GSA Annual Meeting in Phoenix, Arizona, USA - 2019

Paper No. 282-4
Presentation Time: 9:00 AM-6:30 PM


EMSBO, Poul, USGS, Central Mineral and Environmental Resources Science Center, P.O. Box 25046, MS 973, Denver Federal Center, Denver, CO 80225 and MCLAUGHLIN, Patrick I., Indiana Geological and Water Survey, Indiana University, 611 N. Walnut Grove, Bloomington, IN 47405

Modern restricted carbonate platforms can have sediment δ13Ccarb values that are decoupled from open ocean dissolved inorganic carbon (DIC) reservoirs. These studies indicate that caution is necessary when using δ13Ccarb values from marine carbonates to interpret global processes. In light of the proliferation of high-resolution carbon isotope chemostratigraphy from ancient epeiric seas over the last few decades, we test the reliability of δ13Ccarb records through some of the best-studied Paleozoic δ13Ccarb excursions as proxies of the global carbon cycle. Published data, bolstered with the data from this study, allow an unprecedented evaluation of these isotope excursions using established methodologies from studies of modern and ancient carbonate depositional environments to evaluate the fidelity of our results as a proxy for processes related to the global carbon cycle.

We present a series of δ13Ccarb transects spanning shallow ramp sections into their deep-water equivalents in four sedimentary basins, from two isolated paleocontinents. These transacts show a striking consistency in the range of values despite crossing a spectrum of paleogeographic and paleoenvironmental settings over hundreds of kilometers. Similarly, there is a remarkable correspondence between δ13C values from whole-rock, low-Mg brachiopod (extensively screened for evidence of diagenetic alteration) and organic carbon from these sections. Finally, the lockstep changes between δ13Ccarb values, other chemical/redox/climatic proxies and mass extinction events are in keeping those expected with variations in open ocean DIC values.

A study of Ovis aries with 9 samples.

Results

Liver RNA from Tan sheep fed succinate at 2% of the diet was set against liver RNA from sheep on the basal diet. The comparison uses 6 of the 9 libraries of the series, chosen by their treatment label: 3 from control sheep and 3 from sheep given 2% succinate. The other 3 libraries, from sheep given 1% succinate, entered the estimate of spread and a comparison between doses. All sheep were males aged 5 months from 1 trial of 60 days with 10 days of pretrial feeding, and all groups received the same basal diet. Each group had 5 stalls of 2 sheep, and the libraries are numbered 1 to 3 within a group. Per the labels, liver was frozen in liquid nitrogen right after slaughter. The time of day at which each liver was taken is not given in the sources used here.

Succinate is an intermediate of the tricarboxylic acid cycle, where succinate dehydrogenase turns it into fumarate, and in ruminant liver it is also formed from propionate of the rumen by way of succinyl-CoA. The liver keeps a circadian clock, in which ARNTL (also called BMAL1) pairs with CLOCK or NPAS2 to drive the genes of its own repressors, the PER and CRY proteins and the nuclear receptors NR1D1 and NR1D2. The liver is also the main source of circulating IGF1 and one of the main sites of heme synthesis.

Combined our new and published high-resolution δ13Ccarb chemostratigraphy, sedimentology, and chrono-stratigraphic correlations, provide, arguably, some of the most thoroughly evaluated record of Paleozoic δ13Ccarb excursion events. Given previous approaches developed from studies of modern and ancient carbonates to test the fidelity between measured δ13Ccarb and open ocean DIC, our evaluation strongly suggests that the observed δ13Ccarb excursions and coincident paleo-biologic, -geochemical, and -environmental changes are, in fact, responding to changes in the global carbon cycle.